SPATIAL VARIATION OF DEVONIAN SHALE PALEOFLUID CHEMISTRY: AN INDICATOR OF LOCAL AND REGIONAL FRACTURE CONNECTIVITY
Samples from the Pennsylvania and West Virginia Valley & Ridge and Plateau provinces show that regionally, the early vein mineral assemblage is dolomite ± calcite ± barite. These minerals contain bitumin, liquid hydrocarbon, and condensate-type fluid inclusions that are interpreted to have been trapped during pre-folding oil generation.
In three deep cores from the Plateau, barite also contains high salinity (25-26 wt.% NaCl eq.), low ThA (69-88ºC) aqueous inclusions. The calcite and dolomite in the cores have a narrow range of stable isotope values (-0.8 to +2.5 ‰ δ13C PDB, 17.2 to 18.6 ‰ δ18O V-SMOW) indicating a relatively closed fluid system. However, late quartz contains mature CH4±CO2inclusions. The quartz also contains fragments of corroded calcite, indicating dissolution due to a fluid influx and mixing event related in increased fracture connectivity.
In the Valley & Ridge, veins may contain multiple mineral stages and fluid trapping events that reflect a dynamic vein opening history related to changes in fluid connectivity associated with syn-folding fracturing that allows for increased fluid mobility. The fluid trapping events are characterized by diferent fluid salinities (10 to >20 wt. % equiv.) and CH4:CO2 ratios. Stable isotope values reflect this fluid mobility with a wide range of values (-11.8 to +5.5 ‰ δ13C PDB, 16.2 to 25.0 ‰ δ18O V-SMOW).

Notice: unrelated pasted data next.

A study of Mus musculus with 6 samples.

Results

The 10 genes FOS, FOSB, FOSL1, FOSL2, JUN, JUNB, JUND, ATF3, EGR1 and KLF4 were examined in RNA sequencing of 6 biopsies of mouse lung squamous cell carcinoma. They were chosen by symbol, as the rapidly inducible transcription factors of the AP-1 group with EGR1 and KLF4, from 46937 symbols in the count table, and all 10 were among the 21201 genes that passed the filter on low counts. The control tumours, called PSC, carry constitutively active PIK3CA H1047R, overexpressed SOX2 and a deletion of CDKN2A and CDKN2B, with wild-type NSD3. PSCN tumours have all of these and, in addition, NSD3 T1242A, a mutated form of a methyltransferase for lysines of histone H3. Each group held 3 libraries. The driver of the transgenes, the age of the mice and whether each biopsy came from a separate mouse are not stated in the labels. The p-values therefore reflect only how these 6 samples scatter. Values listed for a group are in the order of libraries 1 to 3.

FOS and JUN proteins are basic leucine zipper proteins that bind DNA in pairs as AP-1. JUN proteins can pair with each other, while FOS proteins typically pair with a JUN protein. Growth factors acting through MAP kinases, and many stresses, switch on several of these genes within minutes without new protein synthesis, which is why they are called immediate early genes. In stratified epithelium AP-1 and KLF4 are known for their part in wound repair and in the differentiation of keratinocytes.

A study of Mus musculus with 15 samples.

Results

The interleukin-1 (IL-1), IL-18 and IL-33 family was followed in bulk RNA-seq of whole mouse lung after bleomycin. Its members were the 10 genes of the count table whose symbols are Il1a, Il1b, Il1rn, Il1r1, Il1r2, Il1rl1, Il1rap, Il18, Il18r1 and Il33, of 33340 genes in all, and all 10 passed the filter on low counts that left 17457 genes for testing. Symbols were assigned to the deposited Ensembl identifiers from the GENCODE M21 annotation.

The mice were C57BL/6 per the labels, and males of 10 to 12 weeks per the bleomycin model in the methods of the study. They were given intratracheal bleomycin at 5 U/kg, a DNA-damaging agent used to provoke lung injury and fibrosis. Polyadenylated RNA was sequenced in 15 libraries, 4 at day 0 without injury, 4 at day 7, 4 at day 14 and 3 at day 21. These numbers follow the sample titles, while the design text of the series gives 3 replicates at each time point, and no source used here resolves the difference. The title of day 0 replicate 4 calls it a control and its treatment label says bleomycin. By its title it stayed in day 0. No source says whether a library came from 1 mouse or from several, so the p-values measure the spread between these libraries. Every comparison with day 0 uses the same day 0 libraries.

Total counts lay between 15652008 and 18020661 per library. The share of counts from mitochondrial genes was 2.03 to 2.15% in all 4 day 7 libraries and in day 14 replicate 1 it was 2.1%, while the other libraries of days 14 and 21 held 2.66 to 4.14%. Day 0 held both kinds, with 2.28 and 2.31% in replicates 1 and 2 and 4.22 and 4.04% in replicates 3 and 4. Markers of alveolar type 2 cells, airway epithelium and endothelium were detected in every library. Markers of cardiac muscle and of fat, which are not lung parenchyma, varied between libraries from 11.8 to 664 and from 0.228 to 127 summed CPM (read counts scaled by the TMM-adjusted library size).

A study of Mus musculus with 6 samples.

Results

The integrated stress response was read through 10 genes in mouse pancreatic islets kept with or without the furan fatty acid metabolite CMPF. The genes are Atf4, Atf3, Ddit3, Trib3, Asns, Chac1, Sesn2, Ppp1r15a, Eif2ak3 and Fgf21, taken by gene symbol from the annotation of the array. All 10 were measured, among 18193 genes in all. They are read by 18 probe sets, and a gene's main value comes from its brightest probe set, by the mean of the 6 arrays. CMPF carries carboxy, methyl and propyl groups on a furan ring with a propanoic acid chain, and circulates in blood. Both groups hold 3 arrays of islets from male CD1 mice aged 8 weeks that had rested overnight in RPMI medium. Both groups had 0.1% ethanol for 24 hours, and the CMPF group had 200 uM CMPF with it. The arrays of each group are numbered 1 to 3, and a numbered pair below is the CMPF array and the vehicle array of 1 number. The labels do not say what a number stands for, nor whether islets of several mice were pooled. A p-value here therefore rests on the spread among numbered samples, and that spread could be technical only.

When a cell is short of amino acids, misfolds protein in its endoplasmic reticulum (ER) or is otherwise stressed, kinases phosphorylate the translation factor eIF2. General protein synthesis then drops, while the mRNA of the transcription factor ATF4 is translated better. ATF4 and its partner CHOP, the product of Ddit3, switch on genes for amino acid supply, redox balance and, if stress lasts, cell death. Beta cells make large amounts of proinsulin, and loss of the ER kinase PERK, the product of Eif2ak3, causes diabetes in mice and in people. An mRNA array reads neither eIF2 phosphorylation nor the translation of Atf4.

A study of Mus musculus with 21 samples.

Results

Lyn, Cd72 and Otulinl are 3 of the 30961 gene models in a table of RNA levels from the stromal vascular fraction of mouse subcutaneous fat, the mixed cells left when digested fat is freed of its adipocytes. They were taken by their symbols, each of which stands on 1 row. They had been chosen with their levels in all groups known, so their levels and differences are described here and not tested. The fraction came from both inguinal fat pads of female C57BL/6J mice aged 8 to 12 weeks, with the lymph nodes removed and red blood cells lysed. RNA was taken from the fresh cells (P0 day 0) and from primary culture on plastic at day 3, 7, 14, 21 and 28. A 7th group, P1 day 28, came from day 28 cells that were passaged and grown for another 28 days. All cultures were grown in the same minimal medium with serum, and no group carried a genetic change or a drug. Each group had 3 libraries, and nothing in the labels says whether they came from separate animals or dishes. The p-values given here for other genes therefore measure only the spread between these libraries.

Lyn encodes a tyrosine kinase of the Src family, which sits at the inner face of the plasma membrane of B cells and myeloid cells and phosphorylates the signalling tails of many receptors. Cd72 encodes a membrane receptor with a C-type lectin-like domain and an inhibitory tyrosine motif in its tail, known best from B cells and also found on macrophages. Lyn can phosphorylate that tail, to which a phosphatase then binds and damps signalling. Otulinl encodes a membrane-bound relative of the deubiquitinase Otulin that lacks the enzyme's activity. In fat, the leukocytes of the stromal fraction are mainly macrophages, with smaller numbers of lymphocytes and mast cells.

In the transition between the Plateau and Valley and Ridge, the shale veins indicate a variation of fluids along strike. In central Pennsylvania, the lack of quartz and the presence of only liquid hydrocarbon and condensate-type inclusions suggests little fluid mobility. Carbon isotope values from calcite and dolomite are particularly high (+1.8 to +11.1 ‰ δ13C PDB), while oxygen values are 19.6 to 21.3 ‰ δ18O V-SMOW). To the south, late quartz contains mature CH4±CO2inclusions, suggesting a fluid influx and possible regional fluid migration from the Valley & Ridge into the Plateau.
In summary, fluid chemistry within a rock sequence does not remain static during orogenesis, but varies temporally and between structural settings.